Please welcome the author of An Honourable Estate, Elizabeth Ashworth:
Mab’s Cross is an old wayside cross that is now placed outside a primary school in Wigan, in the north of England. Worn by the weather, it isn’t much to look at and you might pass it by without a second glance if you didn’t know the story that was attached to it. The legend tells that Lady Mabel de Haigh walked barefoot to this cross from her home at Haigh Hall as a penance for her adultery.
The story is well known locally and came to the attention of the novelist Sir Walter Scott. He writes about it in the introduction to his novel The Betrothed.
“The tradition, which the author knew very early in life, was told to him by the late Lady Balcarras. He was so much struck with it, that being at that time profuse of legendary lore, he inserted it in the shape of a note to Waverley, the first of his romantic offences. Had he then known, as he now does, the value of such a story, it is likely that, as directed in the inimitable receipt for making an epic poem, preserved in the Guardian, he would have kept it for some future opportunity.”
The original Haigh Hall was demolished in the early 1800s to make way for a new house that can be seen today. Canon Bridgeman in his History of Wigan Church and Manor says that the original hall had a gallery, which was said to be haunted by the ghost of Lady Mabel, as well as a chapel and a confessional.
In the 1930s, Rev. T.C. Porteus, who was a local clergyman and historian, wrote a booklet called New Light on the Mab’s Cross Legend and in it Porteus compares the legendary stories with the historical events of the time.
Sir William was a Member of Parliament for Lancashire in the 6th, 8th and 19th years of the reign of Edward II – before and after his long absence from home. He was, at first, a follower of Thomas, Earl of Lancaster and was named amongst the earl’s adherents in a pardon granted for the death of Piers Gaveston. But in 1315 he joined the Banastre Rebellion. Porteus points out that the seven years when William was absent from home coincide with the years from the failed rebellion of 1315 until the execution of the Earl of Lancaster as a traitor in 1322. An inquiry into the ownership of the lands at Haigh in June 1318, states that William Bradshaw had been outlawed.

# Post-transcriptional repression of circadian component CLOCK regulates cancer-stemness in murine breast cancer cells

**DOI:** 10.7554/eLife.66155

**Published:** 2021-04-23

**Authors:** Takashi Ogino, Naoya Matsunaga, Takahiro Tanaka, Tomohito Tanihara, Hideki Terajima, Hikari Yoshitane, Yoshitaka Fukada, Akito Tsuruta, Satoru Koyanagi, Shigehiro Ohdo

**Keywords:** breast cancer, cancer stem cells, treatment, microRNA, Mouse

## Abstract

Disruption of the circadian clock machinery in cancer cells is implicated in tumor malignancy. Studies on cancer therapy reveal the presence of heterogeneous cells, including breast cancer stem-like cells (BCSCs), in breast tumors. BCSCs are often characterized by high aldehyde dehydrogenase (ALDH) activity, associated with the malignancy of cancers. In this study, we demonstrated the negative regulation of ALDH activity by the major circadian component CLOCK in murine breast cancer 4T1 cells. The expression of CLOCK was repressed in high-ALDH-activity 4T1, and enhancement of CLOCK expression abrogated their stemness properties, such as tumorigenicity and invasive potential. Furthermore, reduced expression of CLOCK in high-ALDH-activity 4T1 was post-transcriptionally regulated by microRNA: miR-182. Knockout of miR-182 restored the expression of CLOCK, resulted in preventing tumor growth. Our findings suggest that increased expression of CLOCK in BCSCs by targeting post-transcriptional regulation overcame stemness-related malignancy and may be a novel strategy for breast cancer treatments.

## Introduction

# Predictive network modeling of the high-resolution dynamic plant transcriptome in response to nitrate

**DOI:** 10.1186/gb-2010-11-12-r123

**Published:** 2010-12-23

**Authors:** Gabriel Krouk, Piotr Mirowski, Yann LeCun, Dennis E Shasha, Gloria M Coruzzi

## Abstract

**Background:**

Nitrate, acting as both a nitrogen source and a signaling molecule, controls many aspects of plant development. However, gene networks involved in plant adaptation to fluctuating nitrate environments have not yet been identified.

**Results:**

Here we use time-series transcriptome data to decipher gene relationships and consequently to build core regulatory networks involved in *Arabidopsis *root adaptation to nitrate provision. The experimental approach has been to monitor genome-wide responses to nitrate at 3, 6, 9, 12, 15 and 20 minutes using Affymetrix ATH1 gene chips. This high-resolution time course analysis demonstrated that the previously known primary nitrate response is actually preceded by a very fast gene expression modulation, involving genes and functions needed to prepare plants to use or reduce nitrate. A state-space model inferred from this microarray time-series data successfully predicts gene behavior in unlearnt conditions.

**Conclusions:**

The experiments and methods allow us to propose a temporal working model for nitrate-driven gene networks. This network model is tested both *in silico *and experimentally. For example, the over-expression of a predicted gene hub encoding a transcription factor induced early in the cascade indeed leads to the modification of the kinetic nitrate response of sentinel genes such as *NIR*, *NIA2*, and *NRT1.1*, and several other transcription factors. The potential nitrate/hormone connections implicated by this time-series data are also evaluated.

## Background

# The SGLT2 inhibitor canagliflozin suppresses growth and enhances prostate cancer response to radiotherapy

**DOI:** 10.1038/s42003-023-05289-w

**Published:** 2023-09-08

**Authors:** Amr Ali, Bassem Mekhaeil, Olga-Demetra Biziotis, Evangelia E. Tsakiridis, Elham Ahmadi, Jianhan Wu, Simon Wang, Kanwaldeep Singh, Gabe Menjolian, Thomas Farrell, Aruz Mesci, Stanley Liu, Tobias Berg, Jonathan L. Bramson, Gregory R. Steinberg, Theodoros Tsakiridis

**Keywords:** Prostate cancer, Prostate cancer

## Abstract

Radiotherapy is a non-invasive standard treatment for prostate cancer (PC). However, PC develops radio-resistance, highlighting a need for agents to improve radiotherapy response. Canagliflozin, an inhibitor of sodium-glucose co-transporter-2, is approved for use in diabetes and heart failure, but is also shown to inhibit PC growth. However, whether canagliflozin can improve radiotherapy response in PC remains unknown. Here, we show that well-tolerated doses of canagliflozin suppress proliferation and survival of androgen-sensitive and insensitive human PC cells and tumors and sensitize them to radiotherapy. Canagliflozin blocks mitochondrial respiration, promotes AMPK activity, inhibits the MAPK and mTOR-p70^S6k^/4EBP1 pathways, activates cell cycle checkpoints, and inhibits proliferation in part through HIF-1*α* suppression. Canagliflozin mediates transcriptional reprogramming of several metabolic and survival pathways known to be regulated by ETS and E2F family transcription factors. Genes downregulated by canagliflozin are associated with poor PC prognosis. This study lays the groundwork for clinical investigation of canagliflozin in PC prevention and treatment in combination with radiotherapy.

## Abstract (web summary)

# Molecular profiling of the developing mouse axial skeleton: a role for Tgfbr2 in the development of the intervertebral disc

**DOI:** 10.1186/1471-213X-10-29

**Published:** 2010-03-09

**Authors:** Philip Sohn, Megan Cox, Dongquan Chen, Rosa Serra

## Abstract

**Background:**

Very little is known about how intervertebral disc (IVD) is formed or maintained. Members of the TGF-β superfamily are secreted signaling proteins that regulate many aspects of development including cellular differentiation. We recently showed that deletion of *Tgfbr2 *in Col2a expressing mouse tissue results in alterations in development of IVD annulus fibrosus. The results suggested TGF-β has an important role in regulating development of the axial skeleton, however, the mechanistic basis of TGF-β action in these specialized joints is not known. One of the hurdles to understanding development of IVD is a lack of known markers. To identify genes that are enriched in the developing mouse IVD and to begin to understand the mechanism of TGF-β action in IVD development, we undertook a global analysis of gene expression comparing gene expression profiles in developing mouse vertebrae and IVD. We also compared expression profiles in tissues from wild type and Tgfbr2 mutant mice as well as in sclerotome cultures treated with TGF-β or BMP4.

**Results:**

In 1319 Lady Mabel stated that her husband was dead. She is said to have married a second husband, but there is no documentary evidence and the suggested identities of the man range from ‘a Welsh knight’, Sir Henry Teuther, Osmond Neville to Sir Peter Lymesey, who is mentioned in the 1318 enquiry when Mabel is described as ‘intruding’ on the lands – in other words refusing to give them up.
After the execution of Thomas of Lancaster, Sir William Bradshaw received a pardon from the king and returned home, taking up his seat in parliament once again in 1328. The matters of Lady Mabel’s bigamous marriage and her subsequent penance remain open to speculation. Whether she did walk barefoot to the stone cross, once, or even weekly, is not known for sure. But as Sir Walter Scott and I agree, it’s a wonderful story for a novelist.
*Elizabeth Ashworth’s novel An Honourable Estate, based on the legend of Mab’s Cross in now available as a paperback and an ebook from Amazon.